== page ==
Everything is great here, a bit hectic with the finals at the college and all the work and documentation we have to finish before graduation next week.
About my class at Post University, everything is going great and I’m starting to get very excited about my project. I am a bit frustrated with the software we have been using to launch our project because it is not very user friendly. I expected it to be easier to work with like PowerPoint or even Google slides in which once you publish your work, all the editing is updated as you go. It’s not like that with this software. I have to republish it weekly so the updates take place. I can’t even narrate my slides using the software. I have to record and save it first in MP3 and then upload it. In spite of all that, it has been a great experience, I’ve learned a lot, especially what I think it’s called “coding”. The end result is nice and I’m happy. I’m sure professionals would think it looks pretty primitive, but it’s just my first time.
Something exciting I learned two weeks ago was gaming. At first, video games came to my mind and I started to think how much I did not understand anything about video games and had no patience at all for them. Then, the more I read, researched and learned from my classmates posts and examples, I realized that I do use games in the classroom when I take my students to the lab. There are lots of simple games available for ESL (English as a Second Language) to help them improve their typing, listening, reading and speaking skills. There is also a variety of games to help them internalize vocabulary. You should check this Games to Learning English website. My students really enjoyed playing those games.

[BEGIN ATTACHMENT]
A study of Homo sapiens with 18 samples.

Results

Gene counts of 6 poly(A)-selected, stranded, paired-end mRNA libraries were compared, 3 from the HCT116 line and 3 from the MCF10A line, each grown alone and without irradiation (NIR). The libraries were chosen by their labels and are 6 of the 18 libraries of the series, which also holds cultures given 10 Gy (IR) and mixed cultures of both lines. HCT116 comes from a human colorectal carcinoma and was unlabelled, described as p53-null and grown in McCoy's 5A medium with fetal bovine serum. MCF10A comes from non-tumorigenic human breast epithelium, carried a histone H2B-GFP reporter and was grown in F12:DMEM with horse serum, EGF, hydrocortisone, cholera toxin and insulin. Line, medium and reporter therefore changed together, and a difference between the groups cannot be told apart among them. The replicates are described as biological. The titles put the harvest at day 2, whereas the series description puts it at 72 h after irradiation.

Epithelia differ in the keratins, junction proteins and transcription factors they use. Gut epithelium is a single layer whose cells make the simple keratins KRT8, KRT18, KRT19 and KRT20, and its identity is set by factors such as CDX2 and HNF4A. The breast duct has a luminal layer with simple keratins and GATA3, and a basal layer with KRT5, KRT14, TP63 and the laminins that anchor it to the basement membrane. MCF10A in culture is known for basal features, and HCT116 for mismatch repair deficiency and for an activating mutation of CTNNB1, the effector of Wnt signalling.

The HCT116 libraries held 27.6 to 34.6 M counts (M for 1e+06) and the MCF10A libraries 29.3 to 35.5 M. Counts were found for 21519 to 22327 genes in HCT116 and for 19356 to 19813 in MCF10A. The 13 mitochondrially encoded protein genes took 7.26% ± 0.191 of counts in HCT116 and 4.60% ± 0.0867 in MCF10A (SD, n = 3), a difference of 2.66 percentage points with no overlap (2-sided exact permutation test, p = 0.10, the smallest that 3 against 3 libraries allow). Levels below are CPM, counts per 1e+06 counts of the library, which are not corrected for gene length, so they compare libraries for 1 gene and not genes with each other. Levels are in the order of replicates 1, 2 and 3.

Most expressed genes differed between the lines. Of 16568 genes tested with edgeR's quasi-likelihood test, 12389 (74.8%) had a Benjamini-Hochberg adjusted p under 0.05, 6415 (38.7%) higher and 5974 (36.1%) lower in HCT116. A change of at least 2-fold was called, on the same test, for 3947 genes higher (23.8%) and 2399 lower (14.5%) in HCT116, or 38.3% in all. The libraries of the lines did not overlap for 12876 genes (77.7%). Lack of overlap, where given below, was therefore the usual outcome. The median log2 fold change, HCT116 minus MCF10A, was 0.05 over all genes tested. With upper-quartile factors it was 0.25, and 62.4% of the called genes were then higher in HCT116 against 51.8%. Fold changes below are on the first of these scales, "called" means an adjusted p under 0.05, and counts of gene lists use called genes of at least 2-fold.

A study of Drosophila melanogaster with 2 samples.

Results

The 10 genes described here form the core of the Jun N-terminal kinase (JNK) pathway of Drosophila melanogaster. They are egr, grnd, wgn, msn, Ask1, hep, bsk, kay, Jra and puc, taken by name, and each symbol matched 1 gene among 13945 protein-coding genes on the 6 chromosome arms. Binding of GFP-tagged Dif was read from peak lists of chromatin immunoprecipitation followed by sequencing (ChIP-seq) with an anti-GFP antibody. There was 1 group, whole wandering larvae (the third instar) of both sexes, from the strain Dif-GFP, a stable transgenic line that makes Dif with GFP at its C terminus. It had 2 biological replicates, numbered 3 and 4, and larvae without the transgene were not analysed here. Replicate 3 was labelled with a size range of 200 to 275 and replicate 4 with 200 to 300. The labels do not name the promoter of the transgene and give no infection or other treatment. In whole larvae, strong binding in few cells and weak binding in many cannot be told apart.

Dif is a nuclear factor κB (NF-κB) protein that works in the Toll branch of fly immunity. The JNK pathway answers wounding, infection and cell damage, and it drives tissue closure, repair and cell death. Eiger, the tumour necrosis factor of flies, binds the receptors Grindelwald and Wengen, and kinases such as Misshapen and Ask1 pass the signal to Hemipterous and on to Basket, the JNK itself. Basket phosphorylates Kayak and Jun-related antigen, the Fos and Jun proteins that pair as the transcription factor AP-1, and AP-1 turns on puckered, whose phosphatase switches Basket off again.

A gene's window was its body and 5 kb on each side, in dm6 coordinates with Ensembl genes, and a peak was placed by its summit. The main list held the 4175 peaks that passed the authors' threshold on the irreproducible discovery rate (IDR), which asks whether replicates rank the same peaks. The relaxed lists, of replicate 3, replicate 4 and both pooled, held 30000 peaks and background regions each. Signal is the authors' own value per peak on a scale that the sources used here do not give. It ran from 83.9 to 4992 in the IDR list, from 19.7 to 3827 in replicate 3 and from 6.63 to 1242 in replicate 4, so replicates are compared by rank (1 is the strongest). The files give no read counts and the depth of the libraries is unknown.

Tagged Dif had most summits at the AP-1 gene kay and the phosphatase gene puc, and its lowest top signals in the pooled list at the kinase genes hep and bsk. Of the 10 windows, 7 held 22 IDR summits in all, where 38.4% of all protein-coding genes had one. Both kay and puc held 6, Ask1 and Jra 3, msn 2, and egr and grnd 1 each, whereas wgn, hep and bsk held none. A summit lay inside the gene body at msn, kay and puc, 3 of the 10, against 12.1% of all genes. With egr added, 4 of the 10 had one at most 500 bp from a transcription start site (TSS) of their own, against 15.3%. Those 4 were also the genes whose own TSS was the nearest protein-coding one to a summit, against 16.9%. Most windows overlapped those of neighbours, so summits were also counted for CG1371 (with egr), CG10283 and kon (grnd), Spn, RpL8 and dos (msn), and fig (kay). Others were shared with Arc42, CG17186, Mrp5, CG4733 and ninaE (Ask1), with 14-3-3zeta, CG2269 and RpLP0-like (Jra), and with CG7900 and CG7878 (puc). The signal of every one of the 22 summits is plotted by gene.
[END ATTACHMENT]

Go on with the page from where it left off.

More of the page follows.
Maybe of of the reasons I don't much what is in the market is because adults, but I’m sure secondary and high school teachers use them a lot. I found this game called Crunchy Time that although it is for kids to tech them about science and the environment, I would use it with my intermediate and advanced level students to practice vocabulary and empower them to talk about everyday topics. Click on the picture to go to the link.
One of my classmates wrote a lot about “simulation” and how it can be used in different contexts and situations, especially when users need to master a skill like CPR, piloting a plane, etc. I really like that idea and it opened my eyes to how the word game carries a negative meaning if we don’t actually don’t learn how it can be used. I’ll teach this summer and I’ll definitely do some research on how I can incorporate games and simulation activities in my classes. I’ve noticed instructors who teach basic and beginners here at the college use a site named Learning Chocolate that seems to be very effective not only to help students learn and practice new vocabulary but also to improve pronunciation. It is very simple and, in my opinion, a thin line between game and just practice. Many of the exercises are timed, so I consider it a game. I love to compete with myself and check how faster I can perform a task, so these kinds of games engage me.
I'll leave you with this interesting TED Talk on Gamification that might change your way of thinking about how gamification can help students. Although is too long an a bit off the topic in my area, the first 10 minutes are very informative.
Hi. I'm Raquel Poteet, an ESL and Spanish teacher. My calling is definitely teaching. That's why I decided to further my education. I'm enrolled in my TESOL M. Ed. program at Post University and loving it!